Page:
Forum Rocket Italian Italian Grammar Nit question on "quale" + vowel

Nit question on "quale" + vowel



In 5.10, there is a simple question as part of the vocab:  "Quale albergo?"

I would have thought it would had been "Qual'albergo"   because of the albergo starts with a vowel.  What the rules for worlds like quale, quello, etc when the next word begins with a vowel?   




Hi Jay,

Quale can be abbreviated to "qual" but it doesn't get an apostrophe (and I don't know why!). 



Thanks buddy!
Lucia - Rocket Languages Tutor

Lucia - Rocket Languages Tutor

Hi Jay and Drew,

becomes quell' in front of vowels: quell'altro, quell'orso, quell'enunciato.

This is called elision (elisione) and it requires an apostrophe.

Quale and qual are independent words. The -e in quale is cut through apocope (troncamento), so there's no apostrophe involved.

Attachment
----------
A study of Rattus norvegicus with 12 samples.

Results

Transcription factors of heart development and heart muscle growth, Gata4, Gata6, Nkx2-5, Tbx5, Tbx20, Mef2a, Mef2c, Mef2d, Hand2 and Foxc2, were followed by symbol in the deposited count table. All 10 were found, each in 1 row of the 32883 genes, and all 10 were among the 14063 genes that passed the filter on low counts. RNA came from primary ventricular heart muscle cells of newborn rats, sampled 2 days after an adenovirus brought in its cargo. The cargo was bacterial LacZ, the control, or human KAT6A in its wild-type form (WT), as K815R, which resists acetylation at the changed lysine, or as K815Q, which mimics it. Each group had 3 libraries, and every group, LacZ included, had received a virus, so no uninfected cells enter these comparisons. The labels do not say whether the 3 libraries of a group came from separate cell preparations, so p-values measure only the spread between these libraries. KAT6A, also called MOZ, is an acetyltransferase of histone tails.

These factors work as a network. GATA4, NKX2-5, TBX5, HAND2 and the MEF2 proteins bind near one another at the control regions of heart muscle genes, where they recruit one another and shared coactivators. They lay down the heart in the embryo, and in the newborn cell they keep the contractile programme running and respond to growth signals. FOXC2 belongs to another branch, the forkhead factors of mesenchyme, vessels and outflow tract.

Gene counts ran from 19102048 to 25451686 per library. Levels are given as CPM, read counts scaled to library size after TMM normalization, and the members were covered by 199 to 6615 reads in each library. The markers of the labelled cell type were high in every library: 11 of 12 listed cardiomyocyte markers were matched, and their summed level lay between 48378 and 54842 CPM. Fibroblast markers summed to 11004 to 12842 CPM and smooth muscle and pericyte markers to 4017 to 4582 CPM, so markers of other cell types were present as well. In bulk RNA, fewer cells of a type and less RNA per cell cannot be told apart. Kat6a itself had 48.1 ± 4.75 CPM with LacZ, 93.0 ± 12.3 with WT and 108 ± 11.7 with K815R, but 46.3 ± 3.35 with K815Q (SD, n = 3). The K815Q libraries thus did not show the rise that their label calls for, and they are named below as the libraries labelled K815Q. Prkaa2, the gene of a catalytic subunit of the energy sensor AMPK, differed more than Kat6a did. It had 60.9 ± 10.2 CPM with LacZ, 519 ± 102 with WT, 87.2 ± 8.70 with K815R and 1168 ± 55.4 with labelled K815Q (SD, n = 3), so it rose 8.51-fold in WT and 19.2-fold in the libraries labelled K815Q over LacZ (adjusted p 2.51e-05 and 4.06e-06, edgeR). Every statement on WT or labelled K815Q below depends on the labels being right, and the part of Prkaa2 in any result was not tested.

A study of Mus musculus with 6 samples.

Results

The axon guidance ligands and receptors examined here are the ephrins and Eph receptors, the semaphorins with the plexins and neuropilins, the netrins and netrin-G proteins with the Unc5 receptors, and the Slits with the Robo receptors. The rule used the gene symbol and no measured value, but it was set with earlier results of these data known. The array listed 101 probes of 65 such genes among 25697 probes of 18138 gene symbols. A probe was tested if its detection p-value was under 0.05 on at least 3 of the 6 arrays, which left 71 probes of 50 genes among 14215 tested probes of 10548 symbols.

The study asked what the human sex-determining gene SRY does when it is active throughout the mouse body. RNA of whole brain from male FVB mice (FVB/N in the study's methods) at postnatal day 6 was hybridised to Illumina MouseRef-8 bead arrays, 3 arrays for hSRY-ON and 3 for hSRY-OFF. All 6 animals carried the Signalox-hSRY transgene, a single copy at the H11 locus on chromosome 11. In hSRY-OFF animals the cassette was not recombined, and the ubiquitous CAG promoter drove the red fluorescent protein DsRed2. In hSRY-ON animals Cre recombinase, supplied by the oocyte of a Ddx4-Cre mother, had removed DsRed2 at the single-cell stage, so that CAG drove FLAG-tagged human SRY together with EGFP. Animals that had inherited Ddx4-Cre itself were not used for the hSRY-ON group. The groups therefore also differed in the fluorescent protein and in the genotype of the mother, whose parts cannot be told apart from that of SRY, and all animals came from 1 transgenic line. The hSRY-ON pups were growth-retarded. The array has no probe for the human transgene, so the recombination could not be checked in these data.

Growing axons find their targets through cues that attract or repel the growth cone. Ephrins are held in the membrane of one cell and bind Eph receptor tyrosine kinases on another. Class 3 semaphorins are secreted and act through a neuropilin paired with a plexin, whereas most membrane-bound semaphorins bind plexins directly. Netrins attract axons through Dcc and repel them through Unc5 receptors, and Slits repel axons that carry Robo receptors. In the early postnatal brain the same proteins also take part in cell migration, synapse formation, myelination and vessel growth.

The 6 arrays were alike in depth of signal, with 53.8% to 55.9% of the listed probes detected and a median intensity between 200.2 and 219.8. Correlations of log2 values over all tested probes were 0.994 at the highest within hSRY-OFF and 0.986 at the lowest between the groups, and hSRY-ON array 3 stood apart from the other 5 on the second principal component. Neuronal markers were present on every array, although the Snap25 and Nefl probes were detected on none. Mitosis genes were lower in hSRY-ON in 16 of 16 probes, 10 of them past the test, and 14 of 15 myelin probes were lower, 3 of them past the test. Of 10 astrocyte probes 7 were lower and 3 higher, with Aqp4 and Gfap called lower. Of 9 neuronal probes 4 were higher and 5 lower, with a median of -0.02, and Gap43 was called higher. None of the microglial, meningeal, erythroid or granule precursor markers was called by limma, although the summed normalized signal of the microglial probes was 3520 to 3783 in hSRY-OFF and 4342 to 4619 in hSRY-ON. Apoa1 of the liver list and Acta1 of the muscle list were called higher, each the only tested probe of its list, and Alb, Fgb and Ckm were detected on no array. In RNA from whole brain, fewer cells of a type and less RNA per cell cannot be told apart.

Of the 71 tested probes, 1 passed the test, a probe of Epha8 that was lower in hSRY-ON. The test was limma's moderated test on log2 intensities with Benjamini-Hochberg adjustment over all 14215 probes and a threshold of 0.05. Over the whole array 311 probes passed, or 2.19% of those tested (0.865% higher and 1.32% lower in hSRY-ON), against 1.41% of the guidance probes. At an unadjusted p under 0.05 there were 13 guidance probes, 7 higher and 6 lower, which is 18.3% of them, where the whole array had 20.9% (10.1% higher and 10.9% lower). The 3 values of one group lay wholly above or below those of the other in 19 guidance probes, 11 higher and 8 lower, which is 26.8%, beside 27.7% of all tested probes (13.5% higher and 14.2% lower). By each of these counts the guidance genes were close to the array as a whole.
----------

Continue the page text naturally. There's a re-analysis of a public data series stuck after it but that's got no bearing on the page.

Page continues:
It's either quale è or qual è, quale era or qual era.

Apocopes are also presents in words like buono/buon or grande/gran.

Its plural form, quali, gets the apostrophe because there's an elision involved: quali erano > qual'erano (although this is rare, normally you would use quali erano if no particular writing style is involved).

I hope this makes sense! It's a tricky question for natives too. Qual'è is a mistake, but it's still widely used. My high school Italian teacher once said that, if we really needed to put an apostrophe there, we might as well put five, as in qual'''''è. It eventually stuck that we had to put none because we would associate it with that funny writing.

Hope this helps!



Better answer than mine!


Very helpful - thanks again Lucia!  It seems behind every word, there is hiding another dozen grammar rules!